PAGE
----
Jesus accused the Pharisees of straining out the gnat and swallowing the camel. Elsewhere, Jesus said it was easier for a camel to pass through the eye of a needle than for a rich man to enter the kingdom of God (Mt 19:24). Both times Jesus used the camel as a means to spotlight a ridiculous lifestyle.
Jesus castigated the Pharisees for traveling many miles to convert a person and then making this person into twice the devil that they previously were (Mt 23:15). Jesus tried to shock them into seeing that this effort is ridiculous. Why travel so far and work so hard to end up swallowing a camel?
People still walk miles to swallow camels today. For example, many ignore their spouse and children, slaving for decades to save money — only to lose their retirement in the stock market or in paying off the nursing home (Hg 1:6). Why spend your life to end up in dissatisfaction? (Is 55:2) Why work so hard to end up in hell? (Lk 12:16-21) It's hard to swallow!
How much better it is to let go and let God! (Ps 46:11). If we seek first the kingdom of God on His terms and let His will be done in us, the Father will provide all we need (Mt 6:33-34). "It is vain for you to rise early, or put off your rest, you that eat hard-earned bread, for He gives to His beloved in sleep" (Ps 127:2).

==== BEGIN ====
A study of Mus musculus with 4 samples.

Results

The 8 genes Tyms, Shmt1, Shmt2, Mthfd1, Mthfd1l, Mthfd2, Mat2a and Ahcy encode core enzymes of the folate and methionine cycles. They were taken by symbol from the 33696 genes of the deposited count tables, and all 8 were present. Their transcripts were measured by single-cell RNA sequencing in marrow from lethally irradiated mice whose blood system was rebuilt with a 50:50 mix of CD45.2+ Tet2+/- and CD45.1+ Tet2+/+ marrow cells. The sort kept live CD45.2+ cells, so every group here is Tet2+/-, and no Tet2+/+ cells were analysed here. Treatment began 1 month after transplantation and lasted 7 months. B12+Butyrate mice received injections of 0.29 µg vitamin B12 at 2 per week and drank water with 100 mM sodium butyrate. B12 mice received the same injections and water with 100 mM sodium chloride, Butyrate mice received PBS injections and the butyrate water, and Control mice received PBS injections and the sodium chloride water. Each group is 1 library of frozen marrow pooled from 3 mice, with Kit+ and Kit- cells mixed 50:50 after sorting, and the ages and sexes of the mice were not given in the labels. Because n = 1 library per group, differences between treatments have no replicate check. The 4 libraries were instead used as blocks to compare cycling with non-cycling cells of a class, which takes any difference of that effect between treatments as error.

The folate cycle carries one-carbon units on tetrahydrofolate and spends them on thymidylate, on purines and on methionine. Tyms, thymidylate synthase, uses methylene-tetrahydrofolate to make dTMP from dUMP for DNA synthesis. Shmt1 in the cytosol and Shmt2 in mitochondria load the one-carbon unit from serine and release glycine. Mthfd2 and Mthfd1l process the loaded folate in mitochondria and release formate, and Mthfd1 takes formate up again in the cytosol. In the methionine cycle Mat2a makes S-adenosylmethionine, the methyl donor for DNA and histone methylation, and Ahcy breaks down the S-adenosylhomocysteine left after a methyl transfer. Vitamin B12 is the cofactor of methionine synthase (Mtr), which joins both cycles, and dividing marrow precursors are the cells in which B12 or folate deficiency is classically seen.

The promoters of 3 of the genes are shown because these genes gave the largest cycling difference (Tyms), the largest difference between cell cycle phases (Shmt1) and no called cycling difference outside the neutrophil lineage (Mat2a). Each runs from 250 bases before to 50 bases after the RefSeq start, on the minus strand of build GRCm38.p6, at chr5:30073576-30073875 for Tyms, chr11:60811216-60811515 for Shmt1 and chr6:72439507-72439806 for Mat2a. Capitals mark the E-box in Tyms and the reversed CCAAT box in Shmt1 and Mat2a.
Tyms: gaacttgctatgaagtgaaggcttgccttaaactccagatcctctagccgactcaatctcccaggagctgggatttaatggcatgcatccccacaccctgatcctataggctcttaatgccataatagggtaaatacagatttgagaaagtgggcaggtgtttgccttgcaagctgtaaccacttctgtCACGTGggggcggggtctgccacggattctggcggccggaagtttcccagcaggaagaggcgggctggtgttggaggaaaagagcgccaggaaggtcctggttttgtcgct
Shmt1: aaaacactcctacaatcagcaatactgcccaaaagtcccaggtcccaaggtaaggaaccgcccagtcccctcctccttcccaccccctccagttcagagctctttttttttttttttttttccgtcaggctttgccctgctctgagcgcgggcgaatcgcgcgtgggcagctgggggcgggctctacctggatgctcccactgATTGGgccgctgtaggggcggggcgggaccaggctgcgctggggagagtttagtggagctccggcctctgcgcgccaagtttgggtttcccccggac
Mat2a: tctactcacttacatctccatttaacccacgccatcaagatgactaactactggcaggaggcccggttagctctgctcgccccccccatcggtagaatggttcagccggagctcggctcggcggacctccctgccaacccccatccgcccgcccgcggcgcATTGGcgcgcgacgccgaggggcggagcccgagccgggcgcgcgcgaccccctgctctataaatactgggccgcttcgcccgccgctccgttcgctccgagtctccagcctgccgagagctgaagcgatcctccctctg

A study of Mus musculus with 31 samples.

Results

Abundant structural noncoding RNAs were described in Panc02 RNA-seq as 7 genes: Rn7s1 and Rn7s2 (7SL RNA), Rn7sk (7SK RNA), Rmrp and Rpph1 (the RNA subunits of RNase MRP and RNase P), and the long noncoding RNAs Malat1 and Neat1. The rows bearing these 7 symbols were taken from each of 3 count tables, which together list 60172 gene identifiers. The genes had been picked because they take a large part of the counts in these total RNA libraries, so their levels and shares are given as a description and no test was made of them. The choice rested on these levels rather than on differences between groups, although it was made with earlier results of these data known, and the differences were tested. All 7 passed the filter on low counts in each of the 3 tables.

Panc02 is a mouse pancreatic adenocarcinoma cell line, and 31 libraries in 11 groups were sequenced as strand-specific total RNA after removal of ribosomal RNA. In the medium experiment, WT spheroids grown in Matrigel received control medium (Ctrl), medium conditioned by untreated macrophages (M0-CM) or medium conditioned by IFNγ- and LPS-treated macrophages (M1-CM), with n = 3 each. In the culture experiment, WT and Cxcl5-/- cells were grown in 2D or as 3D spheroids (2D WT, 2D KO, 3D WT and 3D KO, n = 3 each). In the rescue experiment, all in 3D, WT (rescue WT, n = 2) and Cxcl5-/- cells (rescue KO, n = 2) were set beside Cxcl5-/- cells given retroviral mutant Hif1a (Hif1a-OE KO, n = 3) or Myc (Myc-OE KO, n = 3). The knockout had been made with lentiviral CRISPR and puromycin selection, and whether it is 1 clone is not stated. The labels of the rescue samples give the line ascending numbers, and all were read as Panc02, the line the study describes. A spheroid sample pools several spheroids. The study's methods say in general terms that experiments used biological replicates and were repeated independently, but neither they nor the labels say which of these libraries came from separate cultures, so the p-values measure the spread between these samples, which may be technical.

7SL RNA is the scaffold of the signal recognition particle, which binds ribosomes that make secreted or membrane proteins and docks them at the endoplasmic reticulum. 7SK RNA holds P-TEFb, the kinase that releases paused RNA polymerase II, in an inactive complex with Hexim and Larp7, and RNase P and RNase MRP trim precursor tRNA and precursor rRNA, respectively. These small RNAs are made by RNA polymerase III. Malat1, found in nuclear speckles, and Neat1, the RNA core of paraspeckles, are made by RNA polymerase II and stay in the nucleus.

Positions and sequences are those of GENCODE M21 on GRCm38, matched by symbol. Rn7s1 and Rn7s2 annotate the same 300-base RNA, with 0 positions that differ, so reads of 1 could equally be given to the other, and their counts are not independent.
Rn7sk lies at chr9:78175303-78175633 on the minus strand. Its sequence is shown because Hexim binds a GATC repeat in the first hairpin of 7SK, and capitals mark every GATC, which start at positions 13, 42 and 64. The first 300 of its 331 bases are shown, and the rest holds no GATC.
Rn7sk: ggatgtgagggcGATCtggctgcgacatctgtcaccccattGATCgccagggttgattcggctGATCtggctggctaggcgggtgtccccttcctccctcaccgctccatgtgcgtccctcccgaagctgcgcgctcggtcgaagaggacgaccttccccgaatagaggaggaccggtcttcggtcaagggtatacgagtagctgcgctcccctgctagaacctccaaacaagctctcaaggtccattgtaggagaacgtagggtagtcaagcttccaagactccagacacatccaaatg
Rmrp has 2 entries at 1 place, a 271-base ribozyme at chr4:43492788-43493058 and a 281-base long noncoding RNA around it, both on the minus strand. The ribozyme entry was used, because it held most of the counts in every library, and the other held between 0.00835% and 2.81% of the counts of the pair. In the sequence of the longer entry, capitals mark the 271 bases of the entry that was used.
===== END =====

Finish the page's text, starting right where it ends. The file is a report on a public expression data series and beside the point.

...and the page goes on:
Prayer: Father, I will spend the rest of my life devoted to Your will rather than on my own desires (1 Pt 4:2-3).
Promise: "We drew courage from our God to preach His good tidings to you in the face of great opposition." —1 Thes 2:2
Praise: St. Augustine gave up his mistress, his hedonism, and his useless philosophizing and found total fulfillment in serving his Lord.
(This teaching was submitted by a member of our editorial team.)
Rescript: In accord with the Code of Canon Law, I hereby grant the Nihil Obstat ("Permission to Publish") for One Bread, One Body covering the period from August 1, 2007 through September 30, 2007. †Most Reverend Carl K. Moeddel, Vicar General and Auxiliary Bishop of the Archdiocese of Cincinnati, March 14, 2007.
The Nihil Obstat ("Permission to Publish") is a declaration that a book or pamphlet is considered to be free of doctrinal or moral error. It is not implied that those who have granted the Nihil Obstat agree with the contents, opinions, or statements expressed.